A few years ago the small book The Prayer of Jabez became a runaway hit. It sold nine million copies and made the New York Times bestseller list. The book also sparked criticism from some who accused its author of promoting a kind of prosperity gospel.
Jabez and his prayer are included in today’s genealogy. A careful reading indicates that the point of this prayer is not to provide a formula for guaranteed success or prosperity but to give testimony to the redeeming power of God’s grace. At his birth, Jabez’s mother gave him an unfortunate name, apparently a kind of pun based on a similar sounding Hebrew word for pain (v. 9). It might have reflected her experience with a difficult birth. The statement in the text that Jabez was “more honorable than his brothers” could, however, point to an additional reason for her pain. Apparently Jabez’s brothers brought shame to the family. Perhaps she expected this child to do the same.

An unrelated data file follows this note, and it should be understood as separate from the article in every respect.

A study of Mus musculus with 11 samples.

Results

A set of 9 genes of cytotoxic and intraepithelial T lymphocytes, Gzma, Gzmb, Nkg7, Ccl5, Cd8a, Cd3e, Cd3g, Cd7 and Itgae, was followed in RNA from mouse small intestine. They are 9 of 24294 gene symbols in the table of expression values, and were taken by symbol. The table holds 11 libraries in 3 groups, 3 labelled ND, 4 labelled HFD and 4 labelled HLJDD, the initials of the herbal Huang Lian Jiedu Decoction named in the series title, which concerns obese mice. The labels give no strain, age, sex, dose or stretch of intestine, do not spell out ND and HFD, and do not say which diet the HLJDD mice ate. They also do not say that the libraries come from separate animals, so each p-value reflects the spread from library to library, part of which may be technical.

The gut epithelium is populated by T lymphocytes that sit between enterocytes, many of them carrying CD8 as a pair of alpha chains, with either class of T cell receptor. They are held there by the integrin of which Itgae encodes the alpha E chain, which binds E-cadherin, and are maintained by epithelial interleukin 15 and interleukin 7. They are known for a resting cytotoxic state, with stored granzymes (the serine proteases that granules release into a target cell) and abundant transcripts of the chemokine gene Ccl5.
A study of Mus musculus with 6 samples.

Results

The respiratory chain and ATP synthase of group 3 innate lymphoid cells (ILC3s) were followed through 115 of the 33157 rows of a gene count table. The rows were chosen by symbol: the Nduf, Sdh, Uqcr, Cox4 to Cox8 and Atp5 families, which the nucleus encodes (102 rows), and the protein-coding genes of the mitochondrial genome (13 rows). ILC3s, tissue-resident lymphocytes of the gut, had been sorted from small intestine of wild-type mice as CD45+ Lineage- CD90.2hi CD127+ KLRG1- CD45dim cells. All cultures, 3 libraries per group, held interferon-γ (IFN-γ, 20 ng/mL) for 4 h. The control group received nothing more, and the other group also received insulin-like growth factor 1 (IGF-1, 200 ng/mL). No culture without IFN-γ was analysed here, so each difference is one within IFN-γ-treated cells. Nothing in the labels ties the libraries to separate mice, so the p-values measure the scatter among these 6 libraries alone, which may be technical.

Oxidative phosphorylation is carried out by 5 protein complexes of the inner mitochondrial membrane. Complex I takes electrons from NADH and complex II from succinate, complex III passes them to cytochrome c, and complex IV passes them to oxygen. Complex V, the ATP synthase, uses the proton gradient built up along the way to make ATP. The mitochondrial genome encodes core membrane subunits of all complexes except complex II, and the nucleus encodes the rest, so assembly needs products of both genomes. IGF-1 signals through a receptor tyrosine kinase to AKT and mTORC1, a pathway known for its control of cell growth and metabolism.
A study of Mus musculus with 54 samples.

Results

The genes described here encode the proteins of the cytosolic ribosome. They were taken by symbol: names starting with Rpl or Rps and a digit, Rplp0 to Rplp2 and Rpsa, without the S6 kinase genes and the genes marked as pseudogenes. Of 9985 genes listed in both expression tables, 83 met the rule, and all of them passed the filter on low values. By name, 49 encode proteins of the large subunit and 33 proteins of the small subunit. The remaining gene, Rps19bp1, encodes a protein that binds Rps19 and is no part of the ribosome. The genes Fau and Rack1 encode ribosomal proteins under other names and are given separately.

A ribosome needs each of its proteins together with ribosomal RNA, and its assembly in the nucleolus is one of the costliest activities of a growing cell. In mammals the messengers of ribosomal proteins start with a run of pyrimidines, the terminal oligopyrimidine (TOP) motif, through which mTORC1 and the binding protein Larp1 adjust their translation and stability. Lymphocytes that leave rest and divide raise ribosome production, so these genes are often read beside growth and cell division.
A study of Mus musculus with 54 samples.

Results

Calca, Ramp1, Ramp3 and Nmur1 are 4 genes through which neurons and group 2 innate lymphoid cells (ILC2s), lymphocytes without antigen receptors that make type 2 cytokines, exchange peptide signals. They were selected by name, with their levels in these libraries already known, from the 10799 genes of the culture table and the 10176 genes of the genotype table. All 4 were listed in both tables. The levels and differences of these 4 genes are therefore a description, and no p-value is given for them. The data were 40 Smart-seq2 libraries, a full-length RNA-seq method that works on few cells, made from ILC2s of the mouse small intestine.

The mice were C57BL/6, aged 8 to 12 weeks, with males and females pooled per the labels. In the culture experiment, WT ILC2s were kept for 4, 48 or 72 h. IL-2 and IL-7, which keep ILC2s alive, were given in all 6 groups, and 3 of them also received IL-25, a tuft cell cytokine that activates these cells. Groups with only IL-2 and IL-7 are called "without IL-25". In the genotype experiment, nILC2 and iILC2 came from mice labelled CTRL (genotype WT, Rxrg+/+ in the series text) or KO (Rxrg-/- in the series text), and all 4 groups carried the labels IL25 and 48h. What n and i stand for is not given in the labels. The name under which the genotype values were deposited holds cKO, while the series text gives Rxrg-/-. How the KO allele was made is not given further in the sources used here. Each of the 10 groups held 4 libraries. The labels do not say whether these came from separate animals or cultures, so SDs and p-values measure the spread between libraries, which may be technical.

Rather than lead a life of dishonor and pain that his name seemed to predict, Jabez asked for God’s hand of blessing. He framed his request in two parts. First, he asked God to enlarge his territory. This is not stated as a demand but as a plea that reflected God’s promise to give Israel the land. Second, he asked God to keep him from harm so that he would be “free from pain” (v. 10). The language could refer to physical pain or emotional sorrow, and probably both are in view.
The secret to the success of this prayer is not found in some magic formula of wording but in the God to whom it is addressed. Its tone is one of faith, which recognizes that the answer is dependent upon God’s power and His will.